10:13 am
Tue December 17, 2013

Project Xpat: How It Sounds To Live In Russia

Mark Kelleher

Originally published on Tue December 17, 2013 1:57 pm

American expat Mark Kelleher, 56, is an English teacher in Chelyabinsk, Russia. He has lived there for a dozen years with his Russian wife, Tatiana. They have twin daughters, Caitlyn and Maggie, who are 7.

**

9:54 am
Tue December 17, 2013

10 Favorite World Music Albums Of 2013

Magda Giannikou and one of her co-conspirators from her Banda Magda.
Courtesy of the artist

Originally published on Tue December 17, 2013 4:54 pm

"World music" can mean pretty much anything. French club tracks. Field recordings captured on remote Pacific islands. Bollywood soundtracks. Argentine tangos. Or, for that matter, pop, traditional, classical or religious music from anywhere on the globe — as long as the lyrics aren't sung in English and the instruments aren't "Western" (unless they are).

9:53 am
Tue December 17, 2013

Remembering Ray Price, Voice Of The Nashville Sound

Ray Price on the Dean Martin Comedy Hour in 1973.
NBC NBC via Getty Images

Originally published on Tue December 17, 2013 11:30 pm

9:41 am
Tue December 17, 2013

Bill And Melinda Gates Foundation Names New CEO

Susan Desmond-Hellmann, the chancellor of the University of California, San Francisco, will be next chief executive officer of the Bill and Melinda Gates Foundation, one of the largest philanthropic organizations in the world with a $40 billion endowment.

The AP reports that the foundation has been looking for a CEO since Jeff Raikes announced his retirement in September.

9:27 am
Tue December 17, 2013

India-U.S. Row Over Diplomat's Arrest In New York Escalates

Indian workers remove Tuesday a barricade that had been erected as a safety measure outside the main entrance of U.S. Embassy in New Delhi. The move follows the arrest of an Indian diplomat in New York.
Saurabh Das AP

Originally published on Wed December 18, 2013 7:03 am

Updated at 4:55 p.m. ET

At issue is the arrest last week of Devyani Khobragade, India's deputy consul general in New York.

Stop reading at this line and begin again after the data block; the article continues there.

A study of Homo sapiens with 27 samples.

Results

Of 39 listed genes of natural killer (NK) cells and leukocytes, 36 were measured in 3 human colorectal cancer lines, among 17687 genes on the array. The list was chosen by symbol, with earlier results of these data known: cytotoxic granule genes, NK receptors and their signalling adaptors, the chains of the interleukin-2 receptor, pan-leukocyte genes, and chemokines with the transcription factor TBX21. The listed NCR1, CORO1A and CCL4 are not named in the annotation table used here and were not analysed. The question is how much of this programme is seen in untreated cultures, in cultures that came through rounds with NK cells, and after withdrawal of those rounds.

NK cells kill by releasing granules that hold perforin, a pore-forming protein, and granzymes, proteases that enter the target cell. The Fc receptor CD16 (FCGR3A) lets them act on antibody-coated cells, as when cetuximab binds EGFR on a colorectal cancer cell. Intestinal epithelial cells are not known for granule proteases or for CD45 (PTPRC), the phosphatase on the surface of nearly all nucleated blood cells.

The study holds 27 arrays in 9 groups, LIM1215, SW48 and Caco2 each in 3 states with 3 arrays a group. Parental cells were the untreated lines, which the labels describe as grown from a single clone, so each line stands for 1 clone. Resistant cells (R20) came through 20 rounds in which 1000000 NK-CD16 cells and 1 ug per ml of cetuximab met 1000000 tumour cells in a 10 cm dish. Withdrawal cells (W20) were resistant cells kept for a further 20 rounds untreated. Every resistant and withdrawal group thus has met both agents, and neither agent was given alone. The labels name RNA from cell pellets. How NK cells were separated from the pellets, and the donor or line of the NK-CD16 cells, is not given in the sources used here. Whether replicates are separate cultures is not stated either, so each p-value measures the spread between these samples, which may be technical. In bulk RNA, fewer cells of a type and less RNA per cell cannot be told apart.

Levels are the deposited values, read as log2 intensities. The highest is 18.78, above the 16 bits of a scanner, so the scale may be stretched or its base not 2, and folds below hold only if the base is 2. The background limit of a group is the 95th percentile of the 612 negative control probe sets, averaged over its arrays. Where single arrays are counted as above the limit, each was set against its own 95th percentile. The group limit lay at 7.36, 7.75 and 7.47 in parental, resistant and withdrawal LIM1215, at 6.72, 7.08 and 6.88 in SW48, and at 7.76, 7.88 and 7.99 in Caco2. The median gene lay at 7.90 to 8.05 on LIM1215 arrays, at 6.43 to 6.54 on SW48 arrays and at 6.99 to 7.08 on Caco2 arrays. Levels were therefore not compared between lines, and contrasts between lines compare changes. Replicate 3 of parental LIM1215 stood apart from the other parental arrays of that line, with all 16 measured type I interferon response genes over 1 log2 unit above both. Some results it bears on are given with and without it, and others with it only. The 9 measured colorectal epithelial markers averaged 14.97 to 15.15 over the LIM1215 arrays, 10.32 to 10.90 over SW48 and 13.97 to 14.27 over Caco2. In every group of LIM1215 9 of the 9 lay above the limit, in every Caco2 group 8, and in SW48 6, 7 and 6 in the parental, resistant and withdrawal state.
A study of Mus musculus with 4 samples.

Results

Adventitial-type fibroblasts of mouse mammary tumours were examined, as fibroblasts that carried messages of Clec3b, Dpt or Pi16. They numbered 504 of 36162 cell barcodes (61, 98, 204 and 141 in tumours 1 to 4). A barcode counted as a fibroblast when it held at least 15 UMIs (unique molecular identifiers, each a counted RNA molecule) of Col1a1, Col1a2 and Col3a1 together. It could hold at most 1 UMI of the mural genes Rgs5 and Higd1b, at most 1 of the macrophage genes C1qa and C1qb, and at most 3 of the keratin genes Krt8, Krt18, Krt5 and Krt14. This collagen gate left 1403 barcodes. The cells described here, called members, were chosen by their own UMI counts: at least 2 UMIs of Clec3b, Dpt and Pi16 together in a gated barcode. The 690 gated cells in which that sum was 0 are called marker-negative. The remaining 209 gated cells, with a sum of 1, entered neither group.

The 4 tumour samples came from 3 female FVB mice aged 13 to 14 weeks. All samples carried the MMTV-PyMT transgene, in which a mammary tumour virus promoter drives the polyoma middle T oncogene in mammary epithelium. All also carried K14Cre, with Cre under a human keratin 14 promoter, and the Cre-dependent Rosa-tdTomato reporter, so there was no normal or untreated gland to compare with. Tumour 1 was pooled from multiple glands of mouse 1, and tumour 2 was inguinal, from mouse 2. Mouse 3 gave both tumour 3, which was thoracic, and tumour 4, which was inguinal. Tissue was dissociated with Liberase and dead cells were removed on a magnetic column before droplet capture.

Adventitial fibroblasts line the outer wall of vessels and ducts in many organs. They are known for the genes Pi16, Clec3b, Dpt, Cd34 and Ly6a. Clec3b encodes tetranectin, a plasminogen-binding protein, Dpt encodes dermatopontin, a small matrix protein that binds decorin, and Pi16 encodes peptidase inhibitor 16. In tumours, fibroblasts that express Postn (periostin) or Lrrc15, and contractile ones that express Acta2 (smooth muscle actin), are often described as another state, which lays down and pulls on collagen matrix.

9:26 am
Tue December 17, 2013

From 'Death Jars' To Wasps: A Quest To Stamp Out The Stink Bug

The invasive brown marmorated stink bug has become an expensive nuisance for U.S. farmers. It has spread to 40 states and eats about 100 different crops.
Matt Rourke AP

The brown marmorated stink bug doesn't just smell bad. It's also been causing trouble for homeowners and farmers from New Hampshire to California for the past three years.

No predators are eating the invasive species fast enough to keep it under control, but researchers think they may have found a solution to the stink-bug menace.

8:56 am
Tue December 17, 2013

Six U.S. Soldiers Reported Killed In Afghan Crash

Originally published on Tue December 17, 2013 10:11 am

The crash of a military aircraft Tuesday in Afghanistan killed six members of the International Security Assistance Force who were on board, military officials say, and NPR's Tom Bowman has been told by military sources in a position to know that all six were Americans.

8:42 am
Tue December 17, 2013

Medicare Names Best And Worst Hospitals For Joint Replacements

Before you have get a new hip, you might want to check the government's list of best and worst hospitals for the operation.
iStockphoto

Originally published on Wed December 18, 2013 8:58 am

Around a million people get hip or knee replacements a year, and those operations cost Medicare and private insurers a lot of money. For the first time, the federal government is evaluating how good a job individual hospitals are doing.

Medicare has identified 95 hospitals where elderly patients were more likely to suffer significant setbacks and another 97 hospitals where patients tended to have the smoothest recoveries. (It's a long list that you can sift through here.)

7:53 am
Tue December 17, 2013

Why We Need Grandpas And Grandmas (Part 1)

Robert Krulwich NPR

Originally published on Tue December 17, 2013 4:55 pm

Oldsters, it turns out, matter. They matter a lot. And not just in human families. I've been reading a new book called The Once and Future World, by J. B. MacKinnon, which points out that when we humans hunt game, when we fish the sea, we often prize the biggest animals because they have the biggest tusks, or the most protein, so they're the ones we kill first.

7:10 am
Tue December 17, 2013

Edward Snowden Seeks 'Permanent Political Asylum'

Edward Snowden, seen during a video interview with The Guardian.
Glenn Greenwald/Laura Poitras EPA/LANDOV

Originally published on Tue December 17, 2013 12:24 pm

Updated at 11:04 a.m.

Edward Snowden says "permanent political asylum" will give him the freedom to talk about U.S. surveillance programs.